Abby Lyons '21 studies rare butterfly as part of master's research
Abby Lyons will be spending her first six weeks after graduation in the field studying the Harbison’s dun skipper, a rare butterfly found in San Diego County, California.
Lyons graduated on May 8 with a double major in chemistry and biology, and a minor in physics. As the Dwight, Nebraska native pursues her master’s degree in biology at the University of Central Missouri, she will be conducting her own field research as part of a fully funded research assistantship.
Originally, Lyons wasn’t planning on graduate school, but after taking a study tour of Costa Rica with Dr. Jennifer Fruend, she saw how conservation practices that were implemented in practical areas could preserve biodiversity and conserve land for future generations.
“I really fell in love with that during class,” Lyons said. “So, I took ecology and started looking at grad school programs where I could get involved with conservation.”
As someone who spent a lot of time in her childhood catching butterflies and having fun, finding the opportunity to study the Harbison’s dun skipper seemed like a perfect fit.
“It’s a childhood dream come true,” Lyons said, “and I just happened upon it. I do like that this project is conservation based and will allow me to work with the ecosystem and focus on one species that’s kind of unique. There are a lot of species that we just don’t know about, and we need to help protect them because of their uniqueness.”
During the first six weeks in San Diego, Lyons will examine the population of the butterflies in the area. Then, next summer, she’ll spend another six weeks learning how the butterflies use the habitat and examine their interactions with other species. The goal of the research, Lyons said, is to help keep the conservation plan updated to ensure the species remains protected.
“The research project is laid out already and that’s not always the case,” Lyons said.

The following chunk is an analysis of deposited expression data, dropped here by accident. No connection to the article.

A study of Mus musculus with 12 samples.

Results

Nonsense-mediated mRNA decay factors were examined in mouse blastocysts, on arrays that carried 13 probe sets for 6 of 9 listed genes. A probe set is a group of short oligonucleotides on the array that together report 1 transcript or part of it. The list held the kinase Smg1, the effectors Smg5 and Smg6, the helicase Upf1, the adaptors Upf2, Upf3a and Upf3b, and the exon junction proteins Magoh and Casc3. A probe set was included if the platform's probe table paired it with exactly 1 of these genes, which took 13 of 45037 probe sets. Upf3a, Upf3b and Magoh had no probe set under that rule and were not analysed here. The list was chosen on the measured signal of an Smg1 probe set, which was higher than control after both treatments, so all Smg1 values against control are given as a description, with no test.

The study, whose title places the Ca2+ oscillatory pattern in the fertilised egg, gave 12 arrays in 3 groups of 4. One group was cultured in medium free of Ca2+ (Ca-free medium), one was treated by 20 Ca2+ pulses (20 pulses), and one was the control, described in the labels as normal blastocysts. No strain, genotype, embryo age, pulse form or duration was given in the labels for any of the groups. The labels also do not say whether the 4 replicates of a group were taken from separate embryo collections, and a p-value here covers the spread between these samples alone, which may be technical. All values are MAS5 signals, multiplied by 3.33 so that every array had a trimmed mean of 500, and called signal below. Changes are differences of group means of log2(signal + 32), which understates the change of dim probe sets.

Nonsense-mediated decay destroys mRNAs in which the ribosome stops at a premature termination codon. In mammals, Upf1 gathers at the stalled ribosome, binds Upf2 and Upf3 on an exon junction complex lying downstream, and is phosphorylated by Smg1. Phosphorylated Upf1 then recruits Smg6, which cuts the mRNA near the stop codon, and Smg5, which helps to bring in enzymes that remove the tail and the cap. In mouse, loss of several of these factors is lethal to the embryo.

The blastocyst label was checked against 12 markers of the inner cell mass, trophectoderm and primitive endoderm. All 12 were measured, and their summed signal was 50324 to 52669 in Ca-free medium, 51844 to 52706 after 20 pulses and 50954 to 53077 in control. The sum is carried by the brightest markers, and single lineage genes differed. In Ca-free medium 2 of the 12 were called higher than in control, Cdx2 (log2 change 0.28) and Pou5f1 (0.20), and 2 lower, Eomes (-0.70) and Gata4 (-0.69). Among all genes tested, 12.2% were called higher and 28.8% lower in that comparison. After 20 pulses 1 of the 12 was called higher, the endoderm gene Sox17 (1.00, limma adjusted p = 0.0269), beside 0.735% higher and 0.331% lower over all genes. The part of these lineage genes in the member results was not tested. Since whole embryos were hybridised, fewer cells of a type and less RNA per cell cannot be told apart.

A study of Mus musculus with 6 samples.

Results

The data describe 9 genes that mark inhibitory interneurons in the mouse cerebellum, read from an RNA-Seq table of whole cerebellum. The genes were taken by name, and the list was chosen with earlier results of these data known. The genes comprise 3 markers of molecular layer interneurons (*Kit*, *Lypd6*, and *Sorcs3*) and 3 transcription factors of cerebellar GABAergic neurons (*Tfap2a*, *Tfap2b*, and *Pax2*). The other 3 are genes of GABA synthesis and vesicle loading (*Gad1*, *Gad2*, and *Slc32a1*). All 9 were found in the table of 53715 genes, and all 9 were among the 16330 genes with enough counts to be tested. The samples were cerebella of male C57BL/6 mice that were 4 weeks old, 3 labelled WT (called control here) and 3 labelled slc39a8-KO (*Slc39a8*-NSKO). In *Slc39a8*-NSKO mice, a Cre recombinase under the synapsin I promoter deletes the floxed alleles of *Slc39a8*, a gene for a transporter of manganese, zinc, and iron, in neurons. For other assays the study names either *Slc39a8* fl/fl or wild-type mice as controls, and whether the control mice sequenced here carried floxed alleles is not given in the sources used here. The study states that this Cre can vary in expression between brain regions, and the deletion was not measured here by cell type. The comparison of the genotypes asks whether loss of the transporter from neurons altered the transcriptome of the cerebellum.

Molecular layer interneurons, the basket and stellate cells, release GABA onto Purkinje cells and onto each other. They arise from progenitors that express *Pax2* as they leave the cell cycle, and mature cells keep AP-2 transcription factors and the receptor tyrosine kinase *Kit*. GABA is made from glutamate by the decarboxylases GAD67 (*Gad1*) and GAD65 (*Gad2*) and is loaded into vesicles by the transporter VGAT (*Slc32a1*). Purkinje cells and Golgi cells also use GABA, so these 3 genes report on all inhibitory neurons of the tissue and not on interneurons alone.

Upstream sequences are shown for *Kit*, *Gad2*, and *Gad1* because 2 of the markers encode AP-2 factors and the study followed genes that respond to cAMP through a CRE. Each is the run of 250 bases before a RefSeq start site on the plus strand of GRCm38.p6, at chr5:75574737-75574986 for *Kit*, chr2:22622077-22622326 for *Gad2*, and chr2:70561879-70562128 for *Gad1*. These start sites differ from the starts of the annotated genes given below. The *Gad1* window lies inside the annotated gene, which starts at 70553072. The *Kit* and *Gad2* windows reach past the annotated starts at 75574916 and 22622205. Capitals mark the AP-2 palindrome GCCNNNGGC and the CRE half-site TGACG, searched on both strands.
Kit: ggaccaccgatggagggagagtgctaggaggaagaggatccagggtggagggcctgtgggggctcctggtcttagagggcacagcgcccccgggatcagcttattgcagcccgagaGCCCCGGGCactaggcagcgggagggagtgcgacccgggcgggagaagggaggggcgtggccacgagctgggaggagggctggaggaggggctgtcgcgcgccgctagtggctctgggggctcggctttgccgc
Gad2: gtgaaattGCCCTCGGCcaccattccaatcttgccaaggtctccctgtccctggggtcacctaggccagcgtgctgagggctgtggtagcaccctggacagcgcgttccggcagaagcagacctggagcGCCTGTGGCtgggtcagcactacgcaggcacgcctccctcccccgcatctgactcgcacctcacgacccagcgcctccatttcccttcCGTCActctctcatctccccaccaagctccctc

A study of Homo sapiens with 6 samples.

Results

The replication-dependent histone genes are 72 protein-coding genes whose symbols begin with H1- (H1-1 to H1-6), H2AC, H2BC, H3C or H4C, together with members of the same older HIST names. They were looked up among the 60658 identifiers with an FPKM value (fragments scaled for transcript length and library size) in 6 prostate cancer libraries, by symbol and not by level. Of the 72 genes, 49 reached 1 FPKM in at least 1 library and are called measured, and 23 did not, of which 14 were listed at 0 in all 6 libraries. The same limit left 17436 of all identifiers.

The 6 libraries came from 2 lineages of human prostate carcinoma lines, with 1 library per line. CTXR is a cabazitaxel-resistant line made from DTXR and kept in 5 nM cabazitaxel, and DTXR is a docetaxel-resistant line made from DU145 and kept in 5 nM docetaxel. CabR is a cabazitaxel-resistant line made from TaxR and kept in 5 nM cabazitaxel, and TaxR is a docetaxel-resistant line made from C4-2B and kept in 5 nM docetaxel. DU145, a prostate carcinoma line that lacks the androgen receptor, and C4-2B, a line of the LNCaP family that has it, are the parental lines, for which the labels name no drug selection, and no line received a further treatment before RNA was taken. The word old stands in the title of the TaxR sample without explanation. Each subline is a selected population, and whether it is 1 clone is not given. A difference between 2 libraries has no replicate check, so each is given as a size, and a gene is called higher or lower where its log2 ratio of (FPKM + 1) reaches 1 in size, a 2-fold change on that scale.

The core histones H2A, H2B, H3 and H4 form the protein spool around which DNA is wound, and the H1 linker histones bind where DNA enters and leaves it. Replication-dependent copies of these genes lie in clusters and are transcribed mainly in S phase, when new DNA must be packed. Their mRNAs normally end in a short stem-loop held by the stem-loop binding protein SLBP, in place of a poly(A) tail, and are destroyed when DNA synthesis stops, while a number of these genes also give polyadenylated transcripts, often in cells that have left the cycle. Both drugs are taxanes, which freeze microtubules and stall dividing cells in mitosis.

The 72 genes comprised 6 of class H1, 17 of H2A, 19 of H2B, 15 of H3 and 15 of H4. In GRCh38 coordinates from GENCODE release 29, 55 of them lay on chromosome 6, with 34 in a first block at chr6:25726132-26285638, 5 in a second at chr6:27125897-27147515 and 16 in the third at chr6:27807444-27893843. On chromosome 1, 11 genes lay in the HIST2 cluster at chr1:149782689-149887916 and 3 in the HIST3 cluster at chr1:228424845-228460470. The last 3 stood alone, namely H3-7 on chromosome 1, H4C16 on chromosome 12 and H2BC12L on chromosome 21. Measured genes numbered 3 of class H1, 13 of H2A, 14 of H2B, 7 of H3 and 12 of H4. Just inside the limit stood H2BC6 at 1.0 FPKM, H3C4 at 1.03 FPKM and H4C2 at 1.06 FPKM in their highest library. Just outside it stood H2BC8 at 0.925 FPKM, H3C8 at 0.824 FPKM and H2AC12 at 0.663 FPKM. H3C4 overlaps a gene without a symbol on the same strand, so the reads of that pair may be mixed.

Lyon’s process for finding her biology graduate program happened a bit different than other fields of study, she said, because the first step is to find an advisor first. She spent most of the Fall 2020 semester emailing professors who she believed would be a good fit to work with, asking if they had funding for research projects. When she found Dr. Daniel Marschalek at UCM, and told him she was interested in the project, they exchanged emails and Lyons went through interview rounds and then she was offered the position in January. After she accepted the position, she applied to the university.
While she prepares to start her own research project, Lyons reflected on some of her experiences at Concordia that have helped prepare her—including the Costa Rica trip, where she could connect what she learned in the classroom to a completely different ecosystem than what Nebraska offers. In her ecology class, they were tasked with studying mice in a local Seward prairie using the same technique she’ll use in San Diego.
“That method of mark and recapture is written into this research,” she said. “It’s the same type of study from ecology class, but using a different organism in a different habitat, which is kind of cool.”
Concordia is a unique place, Lyons said, because of the connections students make with professors.
“Those connections will open the door for opportunities,” she said. “Without some of the connections I made at Concordia, this is not where my path would be. It’s because of the classes and professors and the efforts they put in to help me succeed, that I am where I am today.”
Soon, Lyons will be en route to San Diego, and then back to Warrensburg, Missouri. As she’s working on her master’s degree, she said she has an open mind for her future.
“I’m not 100% sure of what I want to long term,” she said. “I know I want to work in ecology or conservation and looking to help ecosystems, but I’m not sure what that looks like yet. I’m hoping with more field experience and classes, I can narrow it down more, but I do know this is the area I want to be in.”